June 2017 Alumni Spotlight: Antonio Ngua

By Roxana Pérez and Vita Soto

Welcome to the Next Step Staff Spotlight!

Welcome to the Next Step Alumni Spotlight! Every month throughout the school year we highlight a Next Step Staff as well as Alumni that have received their GED to check in and see how they are doing and what they’ve been up to since graduating from Next Step PCS.

For this month's Next Step Staff Spotlight, we interviewed Antonio Ngua who graduated from The Next Step in 2015 with his foreign validated diploma.


Q: Where were you born? How did you hear about The Next Step PCS? 

A: I was born in Equatorial Guinea, which is located in the central part of the African continent. I came here with a high school diploma from my country, and I did some research online on how a get an equivalent certificate in order to go college eventually, and through my research I found The Next Step PCS

Q: What attracted you to The Next Step PCS and how was your experience?

A: I had two school choices; I chose The Next Step PCS because the name convinced me given that I wanted to move on to the next step after finishing my English learning, and also because of the metro accessibility. Given where I am right now, I can proudly say that I made an excellent choice, and my experience there was extraordinary. I had a lot of advising during my times there, and I really felt like I was part of something that was going to change my life for the better.

Q: In what language did you pass the GED?

A: Enrolling into The Next Step PCS, I had a few choices, which is one of best parts of the school. I could have chosen to take the GED in Spanish given that it is my main language; however, I took a challenge and enrolled into the GED track in English in order to learn both the language and the academic subjects at the same time. I then decided to validate my diploma from my home country – I’m really good at multitasking. 

Q: Is English your primary language? If no, what is your primary language? 

A: My primary language is Spanish, and I also learned a bit of French while growing up.

Q: Did you take ESL courses? If so, where and for how long did you take ESL courses?

A: I took an ESL courses before enrolling at The Next Step PCS in an English institution in Virginia. I did the program for a year.

Q: How long did it take you to pass the GED?

A: I attended The Next Step PCS for a year and within that time I enhanced my English skills and validated my foreign diploma. It takes dedication.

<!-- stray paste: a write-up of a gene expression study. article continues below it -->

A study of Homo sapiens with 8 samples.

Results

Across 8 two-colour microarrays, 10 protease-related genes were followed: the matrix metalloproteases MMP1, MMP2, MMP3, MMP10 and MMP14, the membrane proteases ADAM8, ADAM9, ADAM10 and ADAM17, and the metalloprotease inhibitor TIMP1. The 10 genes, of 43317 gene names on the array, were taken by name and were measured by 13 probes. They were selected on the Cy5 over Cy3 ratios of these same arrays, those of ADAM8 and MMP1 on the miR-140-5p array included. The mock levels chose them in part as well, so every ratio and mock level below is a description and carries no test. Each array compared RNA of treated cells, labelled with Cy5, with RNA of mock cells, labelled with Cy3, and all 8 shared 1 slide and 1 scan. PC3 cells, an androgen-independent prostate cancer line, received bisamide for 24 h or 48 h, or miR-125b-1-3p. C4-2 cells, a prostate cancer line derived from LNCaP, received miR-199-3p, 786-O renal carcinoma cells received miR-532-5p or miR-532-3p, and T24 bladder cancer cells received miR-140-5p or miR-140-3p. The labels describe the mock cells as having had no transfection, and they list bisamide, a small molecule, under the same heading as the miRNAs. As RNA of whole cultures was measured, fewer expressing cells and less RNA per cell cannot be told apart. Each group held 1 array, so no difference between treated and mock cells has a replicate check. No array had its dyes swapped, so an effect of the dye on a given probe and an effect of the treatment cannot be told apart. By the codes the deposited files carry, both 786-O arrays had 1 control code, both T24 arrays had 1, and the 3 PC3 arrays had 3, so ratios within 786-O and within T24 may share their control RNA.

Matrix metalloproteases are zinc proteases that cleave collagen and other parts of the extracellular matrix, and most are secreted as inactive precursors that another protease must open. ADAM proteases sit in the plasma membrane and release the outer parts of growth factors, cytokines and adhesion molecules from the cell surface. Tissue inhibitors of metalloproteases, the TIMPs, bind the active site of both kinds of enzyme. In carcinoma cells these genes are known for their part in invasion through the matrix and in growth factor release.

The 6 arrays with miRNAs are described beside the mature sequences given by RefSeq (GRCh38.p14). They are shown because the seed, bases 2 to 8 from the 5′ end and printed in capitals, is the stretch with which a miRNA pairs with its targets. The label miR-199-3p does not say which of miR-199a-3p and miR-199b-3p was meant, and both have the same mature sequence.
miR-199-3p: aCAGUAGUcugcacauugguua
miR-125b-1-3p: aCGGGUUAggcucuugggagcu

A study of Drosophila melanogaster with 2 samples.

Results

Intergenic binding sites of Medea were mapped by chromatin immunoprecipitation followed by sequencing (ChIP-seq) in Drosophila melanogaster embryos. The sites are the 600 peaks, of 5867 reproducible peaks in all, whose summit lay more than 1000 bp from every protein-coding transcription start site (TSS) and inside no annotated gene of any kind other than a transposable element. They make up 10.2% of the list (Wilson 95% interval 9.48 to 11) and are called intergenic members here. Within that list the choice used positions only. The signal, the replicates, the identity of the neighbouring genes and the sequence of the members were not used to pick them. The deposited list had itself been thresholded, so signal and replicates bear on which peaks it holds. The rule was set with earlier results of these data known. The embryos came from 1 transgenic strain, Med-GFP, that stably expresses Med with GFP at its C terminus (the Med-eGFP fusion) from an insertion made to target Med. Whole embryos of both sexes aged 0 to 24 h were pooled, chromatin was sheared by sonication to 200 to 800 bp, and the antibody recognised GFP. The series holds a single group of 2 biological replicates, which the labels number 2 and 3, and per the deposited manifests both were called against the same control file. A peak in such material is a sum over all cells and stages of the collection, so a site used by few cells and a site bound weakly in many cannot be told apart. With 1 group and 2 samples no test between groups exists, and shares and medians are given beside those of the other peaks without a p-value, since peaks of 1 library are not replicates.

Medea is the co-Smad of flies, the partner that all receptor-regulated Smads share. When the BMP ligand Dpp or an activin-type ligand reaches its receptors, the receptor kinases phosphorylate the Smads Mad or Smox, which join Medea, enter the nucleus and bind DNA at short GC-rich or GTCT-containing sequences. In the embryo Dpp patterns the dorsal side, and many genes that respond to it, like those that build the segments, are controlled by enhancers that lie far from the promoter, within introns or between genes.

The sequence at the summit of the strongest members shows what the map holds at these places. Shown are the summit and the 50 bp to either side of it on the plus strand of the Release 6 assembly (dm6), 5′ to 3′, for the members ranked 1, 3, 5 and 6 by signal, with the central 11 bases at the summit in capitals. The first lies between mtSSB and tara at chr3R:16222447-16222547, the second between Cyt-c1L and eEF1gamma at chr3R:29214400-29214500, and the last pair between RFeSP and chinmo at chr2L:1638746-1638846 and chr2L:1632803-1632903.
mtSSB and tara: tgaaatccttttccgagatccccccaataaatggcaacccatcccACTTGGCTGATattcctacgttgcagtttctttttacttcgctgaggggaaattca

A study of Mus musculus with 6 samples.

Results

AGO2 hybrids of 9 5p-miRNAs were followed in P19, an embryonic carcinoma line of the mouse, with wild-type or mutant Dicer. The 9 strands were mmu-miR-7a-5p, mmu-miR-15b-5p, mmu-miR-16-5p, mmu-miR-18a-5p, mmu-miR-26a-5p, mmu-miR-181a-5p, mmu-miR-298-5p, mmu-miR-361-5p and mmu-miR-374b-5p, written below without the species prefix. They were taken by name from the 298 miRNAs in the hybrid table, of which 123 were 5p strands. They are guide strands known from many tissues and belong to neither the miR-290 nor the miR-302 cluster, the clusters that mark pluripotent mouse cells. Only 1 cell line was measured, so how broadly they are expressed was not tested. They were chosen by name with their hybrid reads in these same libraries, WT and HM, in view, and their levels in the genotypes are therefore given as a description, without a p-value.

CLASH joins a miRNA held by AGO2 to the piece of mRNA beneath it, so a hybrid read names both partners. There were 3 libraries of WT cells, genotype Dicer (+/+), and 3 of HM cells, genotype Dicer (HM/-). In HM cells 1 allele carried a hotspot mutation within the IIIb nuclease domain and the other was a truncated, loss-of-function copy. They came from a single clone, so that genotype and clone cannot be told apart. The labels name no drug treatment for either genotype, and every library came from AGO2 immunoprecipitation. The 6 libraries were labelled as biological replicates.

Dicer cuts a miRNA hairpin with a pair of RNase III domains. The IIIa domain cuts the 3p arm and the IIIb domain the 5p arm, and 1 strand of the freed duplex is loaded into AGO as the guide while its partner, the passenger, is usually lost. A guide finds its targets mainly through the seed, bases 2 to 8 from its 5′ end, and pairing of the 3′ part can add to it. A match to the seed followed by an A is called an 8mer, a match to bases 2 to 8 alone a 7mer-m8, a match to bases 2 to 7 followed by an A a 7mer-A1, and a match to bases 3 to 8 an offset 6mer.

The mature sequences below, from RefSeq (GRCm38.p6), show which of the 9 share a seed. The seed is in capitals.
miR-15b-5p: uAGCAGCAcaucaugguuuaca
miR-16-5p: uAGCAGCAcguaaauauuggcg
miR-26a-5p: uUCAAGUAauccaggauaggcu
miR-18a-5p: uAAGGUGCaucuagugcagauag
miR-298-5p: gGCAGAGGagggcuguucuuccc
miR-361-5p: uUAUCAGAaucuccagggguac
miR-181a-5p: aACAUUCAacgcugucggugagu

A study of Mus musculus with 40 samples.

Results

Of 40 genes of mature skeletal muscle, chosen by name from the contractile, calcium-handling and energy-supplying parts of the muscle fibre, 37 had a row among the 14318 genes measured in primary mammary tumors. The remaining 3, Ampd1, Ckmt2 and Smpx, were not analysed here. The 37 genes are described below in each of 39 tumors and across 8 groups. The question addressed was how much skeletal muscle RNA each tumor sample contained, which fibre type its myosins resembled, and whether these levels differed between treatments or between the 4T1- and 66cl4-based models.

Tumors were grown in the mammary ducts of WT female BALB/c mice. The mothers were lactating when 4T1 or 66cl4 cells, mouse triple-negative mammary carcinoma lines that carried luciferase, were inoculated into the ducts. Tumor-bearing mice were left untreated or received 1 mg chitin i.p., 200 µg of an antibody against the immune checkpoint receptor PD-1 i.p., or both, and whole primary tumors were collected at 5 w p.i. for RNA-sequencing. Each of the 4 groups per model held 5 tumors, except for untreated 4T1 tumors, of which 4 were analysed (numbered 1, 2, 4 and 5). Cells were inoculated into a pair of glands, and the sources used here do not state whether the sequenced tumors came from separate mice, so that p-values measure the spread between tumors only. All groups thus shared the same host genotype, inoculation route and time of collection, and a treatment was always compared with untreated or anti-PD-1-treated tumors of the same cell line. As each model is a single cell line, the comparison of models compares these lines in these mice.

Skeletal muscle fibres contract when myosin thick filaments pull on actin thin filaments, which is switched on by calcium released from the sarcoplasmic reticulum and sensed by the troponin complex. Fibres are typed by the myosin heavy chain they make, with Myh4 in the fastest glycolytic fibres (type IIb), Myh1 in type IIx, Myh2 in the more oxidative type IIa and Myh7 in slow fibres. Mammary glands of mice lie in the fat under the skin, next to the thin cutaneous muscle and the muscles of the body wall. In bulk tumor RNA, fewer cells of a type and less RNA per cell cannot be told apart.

Q: What was your motivation to pass the GED?

A: My primary goal when I came to the U.S was to go to college, and each class that I took at The Next Step PCS was a step forward to reaching my goal, and hey, I made it!

Q: Did you ever feel frustrated during your time at The Next Step PCS?

A: Not at all! The instructors were very professional and understating of each student’s situation, and if they could handle a certain problem, they would talk to each other to see how they could help.

Q: Who or what helped you pass the GED?

A: A lot of homework being done on time, and great time management skills taught by the staff at The Next Step PCS.

Q: Did you receive any scholarships?

A: At the end of the program, I was given the $500 Mundo Scholarship to get me started on my new college life, and that financial resource was very helpful as it allowed me to get my books on time. I applied for the school’s $1000 Ben Friedberg Scholarship and for New Futures Scholarship, and I received both.

Q: What advice would you give to current students at The Next Step PCS who are trying to obtain the GED?

A: Be on time for every class, do your homework, study, and most important of all, talk to your college and career advisor at any time.

Q: What are you doing today?

A: I am a student at the University of The District of Columbia; I am in my Junior year, and I am currently pursuing a bachelor degree in political science with the goal of becoming a politician for change in the future.

Q: What is the best part of your job or schooling?

A: The best part of my schooling is that I get the chance to spend most of my time with a lot of diverse people from around the world, and I get to learn about different places in the world.

Q: What are your future professional goals?

A: I would like to go back to Equatorial Guinea and become the President of the new generation; however, if that doesn’t work out I will settle for a relevant politician representing the people. That way I can set footprints to influence those who have the same goals.

Q: What is your favorite thing to do when you are not working or in school?

A: I like to play soccer, and make music; I am a singer part time.